The five forces model was initiated to assist companies to evaluate the nature of an industry’s competitiveness and create corporate strategies accordingly. The guidelines assist a business to recognize and analyze the significant forces that define the profitability of an industry. The internal rivalry and entry/exit components of the five forces model assists evaluate the level of competition in an industry and the potential factors that may force firms out of the industry or those that may attract more firms to join the industry (Miles, 2011).
The following items will directly impact the stated component of the five forces:
Entry of new airlines- threat of substitutes
Frequent flyer programs- bargaining power of buyers
Airport slots- bargaining power of suppliers and threat of new entrants
Corporate discounting- bargaining power of buyers
Airline pricing- competitive rivalry
Entry of new airlines will directly affect the threat of substitutes. More airlines getting in the industry implies that there will be more airlines serving the same purpose and thus the customers will have the option of choosing the airline of choice.
If more frequent flyers are introduced in the industry, then the bargaining powers of the buyers will increase. Buyers will enjoy the benefits of choosing the airline that rewards them heavily for after redeeming the points they will have accumulated after flying with them.
If the airport slots are increased, then two components will directly be affected, the bargaining power of suppliers and threat of new entrants. More airport slots will give aircraft manufacturers like Airbus and Boeing the supplying power since more aircraft are likely to be gotten from them. Moreover, more airport slots will imply that new airlines can get into the industry to fill the available slots. New airlines getting into the industry are likely to be a threat to the existing airlines.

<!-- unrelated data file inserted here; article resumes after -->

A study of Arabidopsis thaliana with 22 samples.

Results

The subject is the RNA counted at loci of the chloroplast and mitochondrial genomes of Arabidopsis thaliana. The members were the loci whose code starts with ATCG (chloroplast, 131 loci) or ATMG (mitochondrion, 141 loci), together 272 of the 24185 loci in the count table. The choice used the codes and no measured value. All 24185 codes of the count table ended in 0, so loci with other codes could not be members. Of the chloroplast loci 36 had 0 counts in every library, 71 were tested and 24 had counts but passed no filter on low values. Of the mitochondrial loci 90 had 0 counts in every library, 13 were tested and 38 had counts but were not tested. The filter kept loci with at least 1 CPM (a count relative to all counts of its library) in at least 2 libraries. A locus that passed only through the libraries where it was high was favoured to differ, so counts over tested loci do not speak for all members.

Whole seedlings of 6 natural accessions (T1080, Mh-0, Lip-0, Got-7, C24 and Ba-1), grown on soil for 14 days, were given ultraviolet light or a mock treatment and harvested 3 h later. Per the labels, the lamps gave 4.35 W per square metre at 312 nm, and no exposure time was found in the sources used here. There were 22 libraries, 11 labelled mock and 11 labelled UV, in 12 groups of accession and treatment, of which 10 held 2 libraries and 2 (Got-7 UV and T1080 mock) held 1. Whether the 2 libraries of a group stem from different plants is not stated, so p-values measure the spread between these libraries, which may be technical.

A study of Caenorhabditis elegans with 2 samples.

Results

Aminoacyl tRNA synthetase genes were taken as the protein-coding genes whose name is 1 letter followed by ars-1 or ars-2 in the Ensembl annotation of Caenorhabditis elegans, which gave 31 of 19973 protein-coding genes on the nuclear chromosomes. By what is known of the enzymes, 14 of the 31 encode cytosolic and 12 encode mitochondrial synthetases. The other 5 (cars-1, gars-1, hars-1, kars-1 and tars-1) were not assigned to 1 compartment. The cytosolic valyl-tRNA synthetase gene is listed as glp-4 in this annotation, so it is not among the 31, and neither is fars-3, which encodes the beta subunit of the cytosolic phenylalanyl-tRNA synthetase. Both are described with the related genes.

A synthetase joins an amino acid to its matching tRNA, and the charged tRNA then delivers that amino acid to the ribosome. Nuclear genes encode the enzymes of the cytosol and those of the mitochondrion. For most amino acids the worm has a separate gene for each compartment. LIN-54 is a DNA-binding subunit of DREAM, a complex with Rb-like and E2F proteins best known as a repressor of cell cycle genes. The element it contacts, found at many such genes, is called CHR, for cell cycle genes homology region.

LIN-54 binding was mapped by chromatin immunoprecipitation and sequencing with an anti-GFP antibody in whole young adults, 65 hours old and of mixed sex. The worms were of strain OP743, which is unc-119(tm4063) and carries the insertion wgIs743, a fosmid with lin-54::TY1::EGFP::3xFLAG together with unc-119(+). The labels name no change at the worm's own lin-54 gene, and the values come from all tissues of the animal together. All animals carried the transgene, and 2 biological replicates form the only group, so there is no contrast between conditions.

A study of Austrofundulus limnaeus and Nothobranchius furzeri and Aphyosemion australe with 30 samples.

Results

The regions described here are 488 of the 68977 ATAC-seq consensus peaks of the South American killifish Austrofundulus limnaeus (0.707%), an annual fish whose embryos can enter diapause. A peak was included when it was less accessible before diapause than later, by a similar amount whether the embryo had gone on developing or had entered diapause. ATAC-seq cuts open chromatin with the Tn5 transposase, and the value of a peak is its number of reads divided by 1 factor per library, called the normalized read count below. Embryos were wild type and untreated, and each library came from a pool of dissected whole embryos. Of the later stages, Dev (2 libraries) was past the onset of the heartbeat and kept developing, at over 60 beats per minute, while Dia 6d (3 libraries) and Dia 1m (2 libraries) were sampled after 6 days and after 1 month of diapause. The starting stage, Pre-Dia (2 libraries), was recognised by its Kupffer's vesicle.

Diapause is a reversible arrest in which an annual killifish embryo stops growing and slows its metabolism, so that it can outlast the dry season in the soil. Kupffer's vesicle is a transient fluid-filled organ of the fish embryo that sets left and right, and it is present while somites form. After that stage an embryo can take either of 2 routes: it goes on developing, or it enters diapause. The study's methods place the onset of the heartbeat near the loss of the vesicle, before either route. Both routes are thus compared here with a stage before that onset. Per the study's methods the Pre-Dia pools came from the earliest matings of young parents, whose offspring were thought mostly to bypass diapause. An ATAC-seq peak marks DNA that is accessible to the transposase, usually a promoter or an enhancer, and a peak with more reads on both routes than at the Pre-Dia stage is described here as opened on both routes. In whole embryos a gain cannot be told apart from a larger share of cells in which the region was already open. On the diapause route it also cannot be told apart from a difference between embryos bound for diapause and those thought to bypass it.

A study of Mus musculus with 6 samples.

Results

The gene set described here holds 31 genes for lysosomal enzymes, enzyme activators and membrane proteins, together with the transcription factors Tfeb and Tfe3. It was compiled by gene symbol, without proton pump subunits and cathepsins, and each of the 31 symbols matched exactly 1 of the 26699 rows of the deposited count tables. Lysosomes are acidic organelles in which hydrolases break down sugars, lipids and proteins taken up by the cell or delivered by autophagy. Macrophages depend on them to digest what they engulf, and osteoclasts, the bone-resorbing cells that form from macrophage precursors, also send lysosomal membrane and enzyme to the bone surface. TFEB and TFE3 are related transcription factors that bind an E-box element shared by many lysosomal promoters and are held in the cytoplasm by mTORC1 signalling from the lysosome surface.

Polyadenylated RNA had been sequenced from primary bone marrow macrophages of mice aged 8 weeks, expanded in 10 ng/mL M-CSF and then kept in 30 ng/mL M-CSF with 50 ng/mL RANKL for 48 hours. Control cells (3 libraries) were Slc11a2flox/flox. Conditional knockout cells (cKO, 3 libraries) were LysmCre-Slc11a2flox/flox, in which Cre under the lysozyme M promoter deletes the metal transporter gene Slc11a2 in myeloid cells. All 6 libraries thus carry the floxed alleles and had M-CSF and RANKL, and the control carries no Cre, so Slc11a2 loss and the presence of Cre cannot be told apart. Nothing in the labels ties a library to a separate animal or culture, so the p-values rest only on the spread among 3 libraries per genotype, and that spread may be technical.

If the corporate discounts increase, so will the bargaining powers of the buyers. Corporate discounts act as incentives to buyers, and thus they are likely to choose the airlines with the biggest corporate discounts. Buyers are prince sensitive, and any price cut that may occur through the discounts is likely to attract them.
Airline pricing is likely to increase competition rivalry in the industry. Price wars will result as airlines try to win more customers by attracting them through the prices that they will set. As said earlier, customers are price sensitive, and thus slight changes in pricing are going to affect their choices.
Increases in the bargaining power of suppliers and new entrants are likely to have a high threat to the industry profits. Suppliers have the power of increasing the costs of the aircraft which will reduce the profits of the airlines. Moreover, new entrants are likely to result in increased competition through pricing. Profits in the industry will reduce if new entrant charges low prices than the existing airlines more so because the existing airlines will be forced to reduce their prices too to remain competitive.
The number of slots an airline has been awarded in a specific airport can be essential in determining the profitability of an airline. The route selection, market share models, and the S-curve impediment illustrates how an airline can be in a position of maintaining a competitive advantage over its competitors. The number of airport slots allocated to an airline will determine its choice of the route that it decides to fly. Explaining this in details using the market share model, it is possible to know the share of the market that an airline will expect to command. An airline with more airport slots than its competitors can attract more passengers. Moreover, it is in a position of increasing its market share because the demand of its airline will rise (Pitt & Norsworthy, 2012). The S-curve of an airline with more airport slots is likely to be more flexible compared to that of an airline with a few slots. A more flexible S-curve implies that even the flight schedules are flexible and thus will attract more customers. More customers will mean more revenue and a big customer base which will lead to the airline having a competitive advantage over its competitors.
- Camerer, C. F., Loewenstein, G., & Rabin, M. (Eds.). (2011). Advances in behavioral economics. Princeton University Press.
- Miles, D. A. (2011). Risk factors and business models: Understanding the five forces of entrpreneurial risk and the causes of business failure. Boca Raton
- Pitt, I. L., & Norsworthy, J. R. (2012). Economics of the U.S. commercial airline industry: Productivity, technology and deregulation. New York: Springer Science+Business Media, LLC.